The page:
Chinese President Xi Jinping is determined to take control of Taiwan but is studying the lessons of Russian military shortfalls in Ukraine before taking action, CIA Director William Burns said Wednesday.
Mr. Burns said he would not underestimate Mr. Xi’s determination to assert Chinese control over Taiwan through military action in the next few years.
The Chinese leader is working to make sure the People’s Liberation Army has the capabilities for a successful invasion of the democratic island, which is about 100 miles off the Chinese coast.
Since taking power in 2013, Mr. Xi has made a takeover of Taiwan a national priority and a focus of the PLA’s large-scale military buildup.
“I think the risks of [an invasion] become higher, it seems to us, the further into this decade you get,” Mr. Burns said Wednesday afternoon at the Aspen Security Forum.
“The Chinese leadership is trying to study the lessons of Russia’s invasion of Ukraine and what it tells them,” he said.
A major lesson for Beijing from Russian President Vladimir Putin’s invasion of Ukraine is that decisive victories cannot be achieved with “underwhelming force.”
The Russian military sent about 190,000 troops into Ukraine in February and expected the government in Kyiv to fall within a week. Instead, Ukrainian military forces fought back fiercely.
China’s political and military leaders think a successful attack against Taiwan will require overwhelming military power, he said.
The Pentagon has been working closely with Taiwan since the Russian invasion of Ukraine to bolster the island’s defenses against Chinese military action.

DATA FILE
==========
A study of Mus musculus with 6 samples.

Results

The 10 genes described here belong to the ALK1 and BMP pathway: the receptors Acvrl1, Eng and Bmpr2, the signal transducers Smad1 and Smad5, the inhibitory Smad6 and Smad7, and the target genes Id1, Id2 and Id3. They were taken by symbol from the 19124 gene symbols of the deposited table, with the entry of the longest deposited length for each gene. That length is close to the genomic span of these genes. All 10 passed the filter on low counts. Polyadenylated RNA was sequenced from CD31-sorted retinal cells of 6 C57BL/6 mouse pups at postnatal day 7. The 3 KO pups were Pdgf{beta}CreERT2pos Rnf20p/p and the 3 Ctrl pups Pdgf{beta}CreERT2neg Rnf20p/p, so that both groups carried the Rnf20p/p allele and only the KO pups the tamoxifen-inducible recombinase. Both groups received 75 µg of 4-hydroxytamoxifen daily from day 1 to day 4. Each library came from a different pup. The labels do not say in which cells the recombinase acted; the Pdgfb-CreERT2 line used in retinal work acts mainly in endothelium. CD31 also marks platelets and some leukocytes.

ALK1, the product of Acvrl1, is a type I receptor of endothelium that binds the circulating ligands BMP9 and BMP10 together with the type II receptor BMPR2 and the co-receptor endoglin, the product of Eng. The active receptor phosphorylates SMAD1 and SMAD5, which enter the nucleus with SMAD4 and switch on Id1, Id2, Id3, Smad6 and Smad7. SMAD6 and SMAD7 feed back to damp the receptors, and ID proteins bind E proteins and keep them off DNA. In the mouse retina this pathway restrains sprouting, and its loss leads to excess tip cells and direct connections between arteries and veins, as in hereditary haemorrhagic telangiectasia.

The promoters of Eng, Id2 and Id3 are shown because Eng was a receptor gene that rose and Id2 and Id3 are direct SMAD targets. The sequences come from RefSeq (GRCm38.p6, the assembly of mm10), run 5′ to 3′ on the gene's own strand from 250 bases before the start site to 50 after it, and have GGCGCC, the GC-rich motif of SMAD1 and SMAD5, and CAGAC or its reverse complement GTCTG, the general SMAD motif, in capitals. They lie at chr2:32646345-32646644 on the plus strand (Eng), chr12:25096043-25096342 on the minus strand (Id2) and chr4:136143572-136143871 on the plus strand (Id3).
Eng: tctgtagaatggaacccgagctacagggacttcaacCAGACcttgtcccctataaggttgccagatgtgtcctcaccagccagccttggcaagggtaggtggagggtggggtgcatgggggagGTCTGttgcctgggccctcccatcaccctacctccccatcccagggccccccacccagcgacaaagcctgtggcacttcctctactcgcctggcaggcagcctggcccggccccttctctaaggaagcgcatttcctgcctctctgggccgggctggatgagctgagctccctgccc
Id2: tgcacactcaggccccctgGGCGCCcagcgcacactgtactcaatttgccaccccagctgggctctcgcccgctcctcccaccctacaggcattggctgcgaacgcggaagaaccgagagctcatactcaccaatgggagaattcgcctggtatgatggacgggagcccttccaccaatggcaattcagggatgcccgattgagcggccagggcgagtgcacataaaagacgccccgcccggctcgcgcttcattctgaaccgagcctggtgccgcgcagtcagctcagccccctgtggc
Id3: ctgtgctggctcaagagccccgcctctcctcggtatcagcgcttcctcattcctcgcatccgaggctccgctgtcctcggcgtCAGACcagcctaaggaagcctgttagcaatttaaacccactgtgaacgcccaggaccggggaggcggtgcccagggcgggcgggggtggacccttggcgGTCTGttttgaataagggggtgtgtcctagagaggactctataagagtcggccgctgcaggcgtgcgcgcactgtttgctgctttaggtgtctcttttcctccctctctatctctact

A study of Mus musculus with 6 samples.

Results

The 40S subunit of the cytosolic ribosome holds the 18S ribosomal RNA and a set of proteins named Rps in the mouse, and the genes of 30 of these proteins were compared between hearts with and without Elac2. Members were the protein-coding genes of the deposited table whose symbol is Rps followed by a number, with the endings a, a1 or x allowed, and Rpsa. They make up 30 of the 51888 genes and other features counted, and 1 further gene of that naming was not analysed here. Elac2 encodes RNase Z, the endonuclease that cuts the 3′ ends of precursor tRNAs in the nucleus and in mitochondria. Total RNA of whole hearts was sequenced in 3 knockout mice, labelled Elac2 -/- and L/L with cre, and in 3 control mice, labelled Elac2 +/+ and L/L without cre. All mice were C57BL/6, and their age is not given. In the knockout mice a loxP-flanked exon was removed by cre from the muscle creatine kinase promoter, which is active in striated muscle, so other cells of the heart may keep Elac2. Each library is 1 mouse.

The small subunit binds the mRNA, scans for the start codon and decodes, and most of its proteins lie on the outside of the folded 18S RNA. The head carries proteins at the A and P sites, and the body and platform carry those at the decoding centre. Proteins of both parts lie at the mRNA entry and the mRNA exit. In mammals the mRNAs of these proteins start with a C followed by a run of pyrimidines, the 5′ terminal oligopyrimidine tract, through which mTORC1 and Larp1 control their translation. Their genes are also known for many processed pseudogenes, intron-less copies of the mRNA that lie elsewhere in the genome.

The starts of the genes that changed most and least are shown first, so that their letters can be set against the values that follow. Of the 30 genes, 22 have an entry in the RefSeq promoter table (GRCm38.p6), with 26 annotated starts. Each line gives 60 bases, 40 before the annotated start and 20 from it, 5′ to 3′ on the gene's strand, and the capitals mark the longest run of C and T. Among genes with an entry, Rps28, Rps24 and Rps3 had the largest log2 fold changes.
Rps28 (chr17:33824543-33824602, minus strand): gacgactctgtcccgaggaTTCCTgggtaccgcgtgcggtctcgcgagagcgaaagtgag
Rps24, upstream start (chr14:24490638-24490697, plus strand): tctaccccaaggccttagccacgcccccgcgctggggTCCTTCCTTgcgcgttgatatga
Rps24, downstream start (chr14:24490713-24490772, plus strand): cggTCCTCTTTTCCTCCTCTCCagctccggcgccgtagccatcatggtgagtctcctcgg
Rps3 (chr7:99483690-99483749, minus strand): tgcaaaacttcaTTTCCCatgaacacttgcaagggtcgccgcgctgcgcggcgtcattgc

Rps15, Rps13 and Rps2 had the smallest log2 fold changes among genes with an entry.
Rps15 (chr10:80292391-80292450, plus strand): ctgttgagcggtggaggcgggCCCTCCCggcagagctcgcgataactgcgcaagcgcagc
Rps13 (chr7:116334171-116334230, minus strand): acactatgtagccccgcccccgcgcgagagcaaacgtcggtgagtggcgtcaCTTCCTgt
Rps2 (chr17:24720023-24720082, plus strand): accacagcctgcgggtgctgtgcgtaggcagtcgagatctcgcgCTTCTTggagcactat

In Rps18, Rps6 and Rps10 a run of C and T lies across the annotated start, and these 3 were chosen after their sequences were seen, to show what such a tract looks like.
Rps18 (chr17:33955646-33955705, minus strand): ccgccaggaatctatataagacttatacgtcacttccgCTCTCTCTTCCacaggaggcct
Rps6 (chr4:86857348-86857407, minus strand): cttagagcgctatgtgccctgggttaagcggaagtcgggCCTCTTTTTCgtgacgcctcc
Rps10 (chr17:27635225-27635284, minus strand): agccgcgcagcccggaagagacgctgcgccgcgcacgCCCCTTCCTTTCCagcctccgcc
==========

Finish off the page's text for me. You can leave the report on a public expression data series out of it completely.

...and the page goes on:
U.S.-Chinese tensions over Taiwan have been high in recent months because of provocative Chinese military flights and naval maneuvers near the island.
President Biden has said the United States would intervene militarily in support of Taiwan, although the White House later walked back the statement.
The governments of Japan and Australia have said they would join a U.S.-led defense of Taiwan.
In addition to using military force, the Chinese will need to attack Taiwan “in the information space” and prepare for economic and other sanctions from the outside world, Mr. Burns said.
China also would carry out diplomatic operations to drive wedges between the United States and its Asia-Pacific allies.
Some analysts have speculated that Mr. Xi will attack Taiwan after a Chinese Communist Party Congress this fall that is expected to further solidify the Chinese leader’s dictatorial grip. Mr. Burns said that is unlikely.
Regarding Chinese support for Russia, Mr. Burns said the Chinese have stepped up purchases of Russian energy resources but does not appear to be making major sales of arms and military gear to Moscow.
Mr. Xi and other Chinese leaders are “unsettled” by the beating the Russian military has taken in Ukraine, he said, and Beijing is concerned that the invasion has driven European nations closer to the U.S.
China has been seeking to weaken the NATO alliance by providing economic and diplomatic support to many European nations.
Mr. Burns said Mr. Putin has hardened his views on Russia’s drive to become a major world power again and noted that his “appetite for risk has grown.”
Mr. Burns dismissed reports that the Russian leader was ill, either mentally or physically.
“As far as we can tell, he’s fairly healthy,” he said.